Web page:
Maze witnessed something remarkablePosted Tuesday, April 26, 2011, at 8:10 PM
Some things are too good to keep to yourself.
In this day of me first and what have you done for me lately, it is refreshing and heartwarming when something just the opposite occurs.
I received an e-mail this week from Julie Maze, the mother of Eastern Greene High School hurdler Keith Maze.
This is an account of what she witnessed last Thursday, April 21 at the North Daviess boys and girls track and field invitational.
I just felt compelled to share this story.
The 300 meter low hurdle event was about to start and my son Keith and Seth Bean of Washington were discussing their race against one another, getting aquatinted and forming a friendship.
The two boys had been running the same times and knew this would be close. The event got underway and Keith was ahead and winning.
He began to drag himself to the line when Bean came up on him and went on to cross the finish line first.
Everyone gathered around Keith and his injured knee, which seemed bad.
For me, the most upsetting moment was not just about Keith losing a race.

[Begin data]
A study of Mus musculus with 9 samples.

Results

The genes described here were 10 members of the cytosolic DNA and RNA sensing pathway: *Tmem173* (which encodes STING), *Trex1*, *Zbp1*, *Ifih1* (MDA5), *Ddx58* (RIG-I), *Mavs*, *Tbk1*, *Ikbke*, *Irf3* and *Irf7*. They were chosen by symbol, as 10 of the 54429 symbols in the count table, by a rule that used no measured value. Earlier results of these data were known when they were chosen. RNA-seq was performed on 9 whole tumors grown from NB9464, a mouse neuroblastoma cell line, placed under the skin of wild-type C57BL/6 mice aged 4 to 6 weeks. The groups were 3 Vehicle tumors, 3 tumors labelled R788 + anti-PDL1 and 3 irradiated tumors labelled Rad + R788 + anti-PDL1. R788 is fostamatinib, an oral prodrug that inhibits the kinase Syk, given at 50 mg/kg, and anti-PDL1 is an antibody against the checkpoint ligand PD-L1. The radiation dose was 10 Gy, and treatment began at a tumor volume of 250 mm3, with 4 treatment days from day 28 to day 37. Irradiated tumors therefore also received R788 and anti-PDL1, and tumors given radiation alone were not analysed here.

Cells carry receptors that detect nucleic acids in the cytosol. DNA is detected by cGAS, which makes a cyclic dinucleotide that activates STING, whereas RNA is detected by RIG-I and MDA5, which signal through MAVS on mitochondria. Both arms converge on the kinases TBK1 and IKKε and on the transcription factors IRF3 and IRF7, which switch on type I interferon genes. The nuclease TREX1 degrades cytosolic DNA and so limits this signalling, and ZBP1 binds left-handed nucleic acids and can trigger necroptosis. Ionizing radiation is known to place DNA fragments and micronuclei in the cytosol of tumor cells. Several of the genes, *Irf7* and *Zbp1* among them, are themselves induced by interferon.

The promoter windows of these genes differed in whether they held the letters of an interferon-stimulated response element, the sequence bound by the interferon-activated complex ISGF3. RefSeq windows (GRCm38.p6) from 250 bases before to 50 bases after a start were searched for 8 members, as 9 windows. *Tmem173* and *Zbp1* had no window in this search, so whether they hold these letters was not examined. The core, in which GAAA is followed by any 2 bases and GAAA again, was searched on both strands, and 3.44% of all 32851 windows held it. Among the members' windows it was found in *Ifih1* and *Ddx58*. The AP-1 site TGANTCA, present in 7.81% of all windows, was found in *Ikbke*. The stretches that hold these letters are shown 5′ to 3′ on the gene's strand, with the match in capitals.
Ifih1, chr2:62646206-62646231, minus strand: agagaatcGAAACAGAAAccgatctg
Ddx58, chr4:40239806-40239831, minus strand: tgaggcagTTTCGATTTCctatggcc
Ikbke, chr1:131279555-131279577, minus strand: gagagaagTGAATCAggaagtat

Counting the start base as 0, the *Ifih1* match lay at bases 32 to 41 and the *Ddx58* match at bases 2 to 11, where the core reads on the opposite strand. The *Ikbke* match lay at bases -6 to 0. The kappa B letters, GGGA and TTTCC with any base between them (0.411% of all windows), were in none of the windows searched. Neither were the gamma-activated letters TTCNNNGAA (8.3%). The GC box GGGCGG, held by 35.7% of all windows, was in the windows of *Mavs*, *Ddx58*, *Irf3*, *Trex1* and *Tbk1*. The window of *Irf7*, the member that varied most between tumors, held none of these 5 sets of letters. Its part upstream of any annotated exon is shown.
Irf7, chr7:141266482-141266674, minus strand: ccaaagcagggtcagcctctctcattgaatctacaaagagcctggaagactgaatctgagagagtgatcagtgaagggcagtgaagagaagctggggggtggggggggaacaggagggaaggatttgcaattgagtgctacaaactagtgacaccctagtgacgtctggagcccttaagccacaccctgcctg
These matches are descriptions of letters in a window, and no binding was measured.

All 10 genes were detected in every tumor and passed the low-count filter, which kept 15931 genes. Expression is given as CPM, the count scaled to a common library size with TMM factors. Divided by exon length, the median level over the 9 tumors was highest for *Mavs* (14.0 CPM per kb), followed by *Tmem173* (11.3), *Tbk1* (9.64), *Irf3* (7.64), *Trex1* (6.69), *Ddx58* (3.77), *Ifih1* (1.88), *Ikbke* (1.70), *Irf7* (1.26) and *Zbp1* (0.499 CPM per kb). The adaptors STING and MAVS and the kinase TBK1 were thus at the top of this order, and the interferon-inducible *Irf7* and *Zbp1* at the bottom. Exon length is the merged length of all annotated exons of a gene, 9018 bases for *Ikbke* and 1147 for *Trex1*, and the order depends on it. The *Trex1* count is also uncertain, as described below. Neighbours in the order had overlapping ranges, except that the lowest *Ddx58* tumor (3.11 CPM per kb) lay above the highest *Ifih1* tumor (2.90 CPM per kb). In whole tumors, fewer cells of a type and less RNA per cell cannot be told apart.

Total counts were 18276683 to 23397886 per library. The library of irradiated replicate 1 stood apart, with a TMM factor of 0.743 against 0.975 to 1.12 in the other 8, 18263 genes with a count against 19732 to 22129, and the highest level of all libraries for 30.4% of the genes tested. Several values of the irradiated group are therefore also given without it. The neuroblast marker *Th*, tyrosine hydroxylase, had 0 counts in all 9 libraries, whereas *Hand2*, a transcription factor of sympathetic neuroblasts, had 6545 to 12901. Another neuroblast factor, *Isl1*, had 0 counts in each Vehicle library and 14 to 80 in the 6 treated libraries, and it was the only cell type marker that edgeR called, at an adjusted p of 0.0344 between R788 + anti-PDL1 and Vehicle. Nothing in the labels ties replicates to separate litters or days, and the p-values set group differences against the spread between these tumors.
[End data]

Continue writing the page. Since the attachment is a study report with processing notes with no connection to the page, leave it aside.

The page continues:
He is scheduled to attend DePauw University and run for the track team.
Keith was taken to the hospital for evaluation.
The track meet continued and concluded.
Afterwards, Bean and three of his teammates from Washington showed up at the hospital in support of Keith.
It was remarkable and unforgettable to me. I have never been more moved by such and act of great sportsmanship.
Keith was upset thinking the worst of the knee injury and here these boys from an opposing schools were showing support.
The kicker was when Bean, scheduled to run track at Illinois, handed Maze something -- his first place medal from the event.
Keith said he could not take it, but Bean insisted it belonged to him because he had really won the race.
Needless to say the moment was emotional for Keith and for all those who witnessed it.
I can't say enough about how wonderful that was of Bean, and the three other boys that came to the hospital.
In the end, those boys even insisted on taking Maze out in the wheelchair themselves.
It's the kind of thing that makes an impact.
Those two senior boys will never forget that.
I felt that act of such unselfishness by Bean should be shared.
Julie Maze, mother of Keith Maze.
B.J. Hargis is sports editor of the Greene County Daily World. He can be reached at (812) 847-4487 or firstname.lastname@example.org.